A director whose short films have garnered honors in Japan and abroad, Sato Takuma is celebrating a milestone with the selection of his first theatrical feature, “Any Crybabies Around,” by San Sebastian. Sato set the film in his native Akita Prefecture, at the northern tip of Japan’s main island of Honshu. “I wrote a story about my own region, so I’m really nervous about the audience’s reaction,” he tells Variety. “I wanted to get it directly, though, not online.”

A main driver of the plot is the custom of “Namahage” as practiced on Akita’s remote Oga Peninsula. Dressed and masked as ogres from local folklore, village men go from house to house on New Year’s Eve scaring young children with the permission and approval of their parents. Designed to instill obedience and good morals in its targets, Namahage has been handed down for hundreds of years, but the film’s hero, who has just become a father, shames the community by appearing before a TV camera drunk and wearing only his mask. His punishment is social expulsion.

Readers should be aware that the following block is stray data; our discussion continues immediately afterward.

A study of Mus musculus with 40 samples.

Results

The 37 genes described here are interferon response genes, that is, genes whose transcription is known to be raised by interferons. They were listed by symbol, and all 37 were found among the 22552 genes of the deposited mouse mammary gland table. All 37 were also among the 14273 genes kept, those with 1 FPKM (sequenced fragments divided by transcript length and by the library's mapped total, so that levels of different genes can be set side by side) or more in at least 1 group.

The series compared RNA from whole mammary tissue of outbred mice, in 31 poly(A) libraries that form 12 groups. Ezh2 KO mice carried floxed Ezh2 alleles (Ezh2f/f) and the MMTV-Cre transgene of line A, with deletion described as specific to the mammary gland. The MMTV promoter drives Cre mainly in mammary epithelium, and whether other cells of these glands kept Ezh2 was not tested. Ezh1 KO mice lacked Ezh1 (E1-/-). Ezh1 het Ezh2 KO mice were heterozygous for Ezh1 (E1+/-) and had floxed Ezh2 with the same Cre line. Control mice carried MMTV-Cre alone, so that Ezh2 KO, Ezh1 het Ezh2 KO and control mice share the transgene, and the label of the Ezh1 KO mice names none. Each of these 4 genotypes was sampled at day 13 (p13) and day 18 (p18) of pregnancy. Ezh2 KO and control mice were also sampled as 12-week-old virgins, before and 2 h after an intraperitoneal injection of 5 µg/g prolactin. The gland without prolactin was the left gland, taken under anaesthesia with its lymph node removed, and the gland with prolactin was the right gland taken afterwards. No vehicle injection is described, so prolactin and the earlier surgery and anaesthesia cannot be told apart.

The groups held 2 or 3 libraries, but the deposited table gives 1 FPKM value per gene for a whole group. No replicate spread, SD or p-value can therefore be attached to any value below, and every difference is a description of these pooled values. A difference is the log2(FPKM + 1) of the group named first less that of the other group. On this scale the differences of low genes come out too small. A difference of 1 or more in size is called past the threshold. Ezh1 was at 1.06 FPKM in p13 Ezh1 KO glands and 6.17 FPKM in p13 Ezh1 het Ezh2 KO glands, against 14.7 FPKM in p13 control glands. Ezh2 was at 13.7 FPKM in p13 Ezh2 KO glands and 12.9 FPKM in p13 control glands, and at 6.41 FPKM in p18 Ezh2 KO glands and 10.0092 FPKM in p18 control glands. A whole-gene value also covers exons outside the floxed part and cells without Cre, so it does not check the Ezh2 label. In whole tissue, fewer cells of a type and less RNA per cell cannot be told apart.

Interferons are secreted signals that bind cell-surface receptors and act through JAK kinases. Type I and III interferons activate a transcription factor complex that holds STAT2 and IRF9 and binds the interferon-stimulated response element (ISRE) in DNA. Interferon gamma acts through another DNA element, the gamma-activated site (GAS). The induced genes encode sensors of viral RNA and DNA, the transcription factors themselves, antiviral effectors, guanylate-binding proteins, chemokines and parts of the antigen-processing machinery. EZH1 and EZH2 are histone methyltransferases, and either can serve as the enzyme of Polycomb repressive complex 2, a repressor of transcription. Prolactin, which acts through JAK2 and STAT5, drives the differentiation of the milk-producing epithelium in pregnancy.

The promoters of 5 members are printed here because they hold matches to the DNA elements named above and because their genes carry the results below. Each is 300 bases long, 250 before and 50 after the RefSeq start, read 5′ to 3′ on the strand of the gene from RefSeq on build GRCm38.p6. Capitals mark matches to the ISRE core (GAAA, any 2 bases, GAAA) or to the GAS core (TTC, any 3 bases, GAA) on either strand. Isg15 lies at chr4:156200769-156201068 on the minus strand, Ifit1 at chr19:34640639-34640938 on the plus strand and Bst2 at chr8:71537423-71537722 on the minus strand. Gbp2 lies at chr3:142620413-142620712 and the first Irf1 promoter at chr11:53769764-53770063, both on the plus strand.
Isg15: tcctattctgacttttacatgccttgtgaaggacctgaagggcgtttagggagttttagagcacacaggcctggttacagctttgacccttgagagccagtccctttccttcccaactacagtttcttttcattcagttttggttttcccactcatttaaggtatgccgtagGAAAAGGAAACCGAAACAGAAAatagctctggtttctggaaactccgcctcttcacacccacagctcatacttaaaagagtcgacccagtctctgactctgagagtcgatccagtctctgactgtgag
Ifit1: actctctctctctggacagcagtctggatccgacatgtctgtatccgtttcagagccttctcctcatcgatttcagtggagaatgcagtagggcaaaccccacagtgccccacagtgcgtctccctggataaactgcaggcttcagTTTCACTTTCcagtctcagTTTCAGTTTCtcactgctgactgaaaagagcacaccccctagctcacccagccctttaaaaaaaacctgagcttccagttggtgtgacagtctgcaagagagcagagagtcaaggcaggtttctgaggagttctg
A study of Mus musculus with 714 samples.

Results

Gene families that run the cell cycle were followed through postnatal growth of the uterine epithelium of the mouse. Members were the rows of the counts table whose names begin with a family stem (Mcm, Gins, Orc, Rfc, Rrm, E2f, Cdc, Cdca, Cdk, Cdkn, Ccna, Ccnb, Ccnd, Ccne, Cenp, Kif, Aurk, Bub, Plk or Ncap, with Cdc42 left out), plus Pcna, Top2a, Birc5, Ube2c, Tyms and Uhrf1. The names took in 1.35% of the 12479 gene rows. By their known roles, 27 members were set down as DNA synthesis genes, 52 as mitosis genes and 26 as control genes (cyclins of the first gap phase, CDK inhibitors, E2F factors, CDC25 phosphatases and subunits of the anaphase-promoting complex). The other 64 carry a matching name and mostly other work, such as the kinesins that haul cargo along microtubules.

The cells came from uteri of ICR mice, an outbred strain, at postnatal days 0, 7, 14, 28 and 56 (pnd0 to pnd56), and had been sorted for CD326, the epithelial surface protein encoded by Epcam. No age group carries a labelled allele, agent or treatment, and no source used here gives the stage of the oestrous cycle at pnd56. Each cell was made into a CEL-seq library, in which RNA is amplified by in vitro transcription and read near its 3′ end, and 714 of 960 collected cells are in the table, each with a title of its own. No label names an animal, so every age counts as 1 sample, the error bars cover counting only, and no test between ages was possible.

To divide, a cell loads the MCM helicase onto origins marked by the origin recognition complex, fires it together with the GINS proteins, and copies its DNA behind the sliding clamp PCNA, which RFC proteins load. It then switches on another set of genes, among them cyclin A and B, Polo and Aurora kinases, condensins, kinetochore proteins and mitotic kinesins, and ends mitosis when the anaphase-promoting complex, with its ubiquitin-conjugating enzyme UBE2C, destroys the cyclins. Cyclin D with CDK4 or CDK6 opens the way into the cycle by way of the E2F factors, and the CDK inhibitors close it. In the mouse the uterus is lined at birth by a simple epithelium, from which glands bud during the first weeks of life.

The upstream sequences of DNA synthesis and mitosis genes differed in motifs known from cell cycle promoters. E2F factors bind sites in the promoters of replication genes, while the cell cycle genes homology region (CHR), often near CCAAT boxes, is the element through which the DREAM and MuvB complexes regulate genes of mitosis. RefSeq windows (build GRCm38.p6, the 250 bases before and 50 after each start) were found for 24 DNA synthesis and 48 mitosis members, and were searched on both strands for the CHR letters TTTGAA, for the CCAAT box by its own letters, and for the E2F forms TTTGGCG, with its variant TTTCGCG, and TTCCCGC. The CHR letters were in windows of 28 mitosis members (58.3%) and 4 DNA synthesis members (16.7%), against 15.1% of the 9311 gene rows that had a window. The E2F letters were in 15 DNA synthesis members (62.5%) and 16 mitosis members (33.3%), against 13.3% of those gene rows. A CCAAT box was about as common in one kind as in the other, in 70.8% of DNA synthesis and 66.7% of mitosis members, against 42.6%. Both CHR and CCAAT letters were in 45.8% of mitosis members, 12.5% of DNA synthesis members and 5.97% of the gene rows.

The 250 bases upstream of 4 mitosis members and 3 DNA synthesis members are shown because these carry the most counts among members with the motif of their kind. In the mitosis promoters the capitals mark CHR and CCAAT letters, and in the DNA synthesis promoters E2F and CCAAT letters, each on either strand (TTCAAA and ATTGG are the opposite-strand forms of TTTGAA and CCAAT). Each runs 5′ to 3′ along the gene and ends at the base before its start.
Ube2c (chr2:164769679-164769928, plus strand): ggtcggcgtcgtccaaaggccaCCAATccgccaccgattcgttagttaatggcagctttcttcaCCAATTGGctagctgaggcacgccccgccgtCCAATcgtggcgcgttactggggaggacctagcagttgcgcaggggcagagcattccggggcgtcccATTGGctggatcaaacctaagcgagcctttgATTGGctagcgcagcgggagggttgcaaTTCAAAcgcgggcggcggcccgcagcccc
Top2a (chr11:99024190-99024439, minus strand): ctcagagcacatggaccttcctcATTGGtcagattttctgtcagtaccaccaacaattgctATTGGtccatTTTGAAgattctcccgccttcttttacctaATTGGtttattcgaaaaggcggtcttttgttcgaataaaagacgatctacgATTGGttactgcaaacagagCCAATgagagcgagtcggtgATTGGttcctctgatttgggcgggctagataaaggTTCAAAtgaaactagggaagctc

“I’m worried about how the foreign audience will see Namahage,” Sato says, recalling a project market he went to in Busan. “There were producers from various countries but when I showed them a video of Namahage they were all shocked – they saw it as bullying,” he adds. “But the local people don’t have that intention. The film had to show Namahage has a different meaning.”

The film’s powerful last scene involves a Namahage visit — and came to Sato first. “I saw the central question of the film as being whether the hero could spiritually become a father,” he says. “That was the starting point for me. In making the film I came to think that, as a father, (the hero) can only leave something one-sidedly behind for the children.” And that ‘something’ is the Namahage visit and the lessons it supposedly imparts.

Similar to his hero, who exiles himself to Tokyo after his disgrace, Sato left Akita for Japan’s capital in his twenties. “Even back then the population (of Akita) was steadily shrinking and, now that I’ve been in Tokyo for ten years, towns in Akita have all become lonely looking,” he says. “When I meet people doing Namahage they told me that they had to do it or it would die out. They have a sense of mission, but can they grow their numbers, even by one person, and keep it going?”